Jane Karas, president and CEO of Flathead Valley Community College, wonders if they might be able to get four-year degrees at her two-year institution in the future.

"There may be some very specialized degrees that, working with the university system, we may be able to offer," Karas said in a recent interview.

Earlier this month, presidents of Montana's community colleges gave an update to members of the Interim Education and Local Government Committee in Helena. At the meeting, college leaders and lawmakers discussed how the schools were being responsive to workforce and business needs.

In her remarks, Karas briefly mentioned that some other states allow community colleges to confer baccalaureate degrees.

"Maybe, at some point, that's something Montana will consider," Karas said.

At a subsequent interview, she said she doesn't want to compete with the four-year schools, but she does want to serve the Flathead community.

According to the American Association of Community Colleges, an increasing number of states are freeing community colleges to grant baccalaureate degrees, although the change isn't always welcomed by legislators.

At the Montana Office of the Commissioner of Higher Education, though, the Montana University System already has many ways to help students across the state get the degrees they want, including options for four-year programs.

And officials said a change would be costly.

"We feel like we're already doing the equivalent of what two-year community colleges issuing four-year degrees would be," said Kevin McRae, deputy commissioner for communications for the Commissioner of Higher Education.


She isn't interested in duplicating programs offered at the universities or transforming Flathead Valley Community College into a four-year institution.

"I do know that other states have provided the opportunity for their community colleges to offer limited – very limited – specialized four-year degrees, which is all I think we would be interested in exploring with the university system," Karas said.

Martha Parham, senior vice president of public relations at the American Association of Community Colleges, said some schools usher in the change because enrollment at the four-year institutions is full – not the case at the University of Montana, which has been facing a decline since 2009.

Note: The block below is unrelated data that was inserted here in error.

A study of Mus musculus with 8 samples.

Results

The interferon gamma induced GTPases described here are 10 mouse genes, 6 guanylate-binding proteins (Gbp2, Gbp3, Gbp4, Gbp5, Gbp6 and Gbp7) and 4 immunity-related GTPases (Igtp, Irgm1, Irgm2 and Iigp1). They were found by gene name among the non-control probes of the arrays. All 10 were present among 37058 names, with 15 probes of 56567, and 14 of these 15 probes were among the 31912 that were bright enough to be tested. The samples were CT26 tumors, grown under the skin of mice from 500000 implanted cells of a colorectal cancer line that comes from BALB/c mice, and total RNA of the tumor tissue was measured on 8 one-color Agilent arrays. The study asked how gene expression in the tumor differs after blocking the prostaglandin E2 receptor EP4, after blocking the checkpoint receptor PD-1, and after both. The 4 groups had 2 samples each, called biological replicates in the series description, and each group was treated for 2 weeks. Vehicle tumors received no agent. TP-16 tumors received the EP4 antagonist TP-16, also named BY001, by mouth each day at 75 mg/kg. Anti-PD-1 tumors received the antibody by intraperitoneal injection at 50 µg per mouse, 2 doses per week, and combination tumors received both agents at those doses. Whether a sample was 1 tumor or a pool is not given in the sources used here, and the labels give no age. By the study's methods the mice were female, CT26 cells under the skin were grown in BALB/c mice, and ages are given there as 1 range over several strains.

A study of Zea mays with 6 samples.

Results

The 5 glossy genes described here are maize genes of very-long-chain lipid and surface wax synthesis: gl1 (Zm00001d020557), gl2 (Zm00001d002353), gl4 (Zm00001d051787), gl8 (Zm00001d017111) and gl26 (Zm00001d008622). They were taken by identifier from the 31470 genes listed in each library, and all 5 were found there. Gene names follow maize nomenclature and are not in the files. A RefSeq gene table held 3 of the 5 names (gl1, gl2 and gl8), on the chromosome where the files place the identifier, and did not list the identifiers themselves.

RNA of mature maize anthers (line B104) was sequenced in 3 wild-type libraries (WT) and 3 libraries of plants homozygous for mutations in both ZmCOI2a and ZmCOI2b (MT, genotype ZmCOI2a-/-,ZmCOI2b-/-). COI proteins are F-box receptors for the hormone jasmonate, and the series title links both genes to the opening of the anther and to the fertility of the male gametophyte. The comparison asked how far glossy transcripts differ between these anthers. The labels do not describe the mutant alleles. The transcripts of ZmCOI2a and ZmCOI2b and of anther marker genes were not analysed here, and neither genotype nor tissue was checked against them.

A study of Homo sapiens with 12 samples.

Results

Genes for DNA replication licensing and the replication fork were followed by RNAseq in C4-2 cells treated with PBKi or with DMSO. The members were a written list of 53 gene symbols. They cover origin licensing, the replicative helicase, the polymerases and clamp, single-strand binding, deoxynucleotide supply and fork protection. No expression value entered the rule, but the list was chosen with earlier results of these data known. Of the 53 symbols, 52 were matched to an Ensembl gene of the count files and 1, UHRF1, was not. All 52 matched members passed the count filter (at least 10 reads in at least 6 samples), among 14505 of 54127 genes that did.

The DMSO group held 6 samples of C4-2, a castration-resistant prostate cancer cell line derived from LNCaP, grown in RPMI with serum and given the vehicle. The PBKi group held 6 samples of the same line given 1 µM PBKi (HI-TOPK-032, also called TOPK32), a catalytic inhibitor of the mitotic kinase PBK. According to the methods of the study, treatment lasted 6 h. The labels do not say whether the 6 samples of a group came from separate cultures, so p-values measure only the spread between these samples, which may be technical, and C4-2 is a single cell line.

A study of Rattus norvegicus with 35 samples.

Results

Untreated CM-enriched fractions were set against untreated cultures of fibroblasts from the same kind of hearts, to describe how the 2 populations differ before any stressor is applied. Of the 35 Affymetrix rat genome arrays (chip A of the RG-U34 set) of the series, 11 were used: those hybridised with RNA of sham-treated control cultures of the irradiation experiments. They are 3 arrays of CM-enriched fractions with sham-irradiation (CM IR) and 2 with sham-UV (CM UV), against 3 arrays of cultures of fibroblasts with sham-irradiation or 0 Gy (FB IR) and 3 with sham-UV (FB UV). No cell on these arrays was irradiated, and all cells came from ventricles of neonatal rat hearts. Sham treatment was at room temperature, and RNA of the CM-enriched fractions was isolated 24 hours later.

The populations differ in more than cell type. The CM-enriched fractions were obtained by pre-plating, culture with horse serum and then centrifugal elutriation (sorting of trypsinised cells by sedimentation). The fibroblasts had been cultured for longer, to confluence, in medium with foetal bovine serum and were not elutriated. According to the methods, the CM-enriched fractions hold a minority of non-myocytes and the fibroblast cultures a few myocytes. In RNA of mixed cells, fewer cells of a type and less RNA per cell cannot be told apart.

However, she said some schools in rural areas want to eliminate the barrier for students who would otherwise have to travel far.

According to 2015 data from the AACC, 23 states currently allow community colleges to award bachelor's degrees, but with the exception of Florida and Washington, fewer than four institutions in each state do so. In 2014, some 65 community colleges out of 1,123 in the country offered baccalaureate programs.

"State higher education policies generally limit to the types of bachelor's degrees community colleges can offer," according to data provided by the AACC.

In other states, Parham said, one concern legislators have raised as they've debated the issue is they don't want to take students away from the four-year universities.

"Certainly, I don't think anyone's intention is to take students away from other institutions, but to provide even more opportunities and more access for students," Parham said.

By design, she said, community colleges are built to respond to local needs, and sometimes, that means keeping people in the regional economy: "I think sometimes that means a bachelor's degree."

She said a four-year degree from a community college is in no way diluted because the programs go through the same accreditation.


She said students at Missoula College know that their education will be seamless if they want to get a bachelor's degree from UM. The schools offer "two plus two" programs, which allow students to do a couple years at the college and finish after a couple years at UM.

Peggy Kuhr, integrated vice president for communications at UM, directed questions about letting the community colleges grant bachelor's degrees to the Office of the Commissioner of Higher Education.

There, McRae and John Cech, deputy commissioner for academic and student affairs, said the system already offers an abundance of options for students to acquire four-year degrees without having to travel, including e-learning partnerships.

In Helena, for instance, Helena College UM is partnering with Montana Tech in Butte to provide baccalaureate options for citizens in Helena, Cech said: "So those citizens don't have to drive to Butte."

In the Flathead Valley, residents can get four-year degrees, too, although only in nursing or education, McRae said: "We acknowledge that it is limited, but it's limited because of what is sustainable and viable."

And to date, bachelor's degrees in Montana still come from four-year institutions, a feature he believes students still prefer.

A change would be costly in terms of planning and accreditation, McRae said. For instance, he said local taxpayers might have to foot the bill for more labs or facility upgrades.

Qualifications for faculty also are different, he said.

On the other hand, McRae said, if a community or college believes a need exists, the university system is willing to craft a way to address it. Currently, though, Cech said the state has many options to meet higher education needs with its existing approach.

"I think the structure that we have in Montana is very good," Cech said.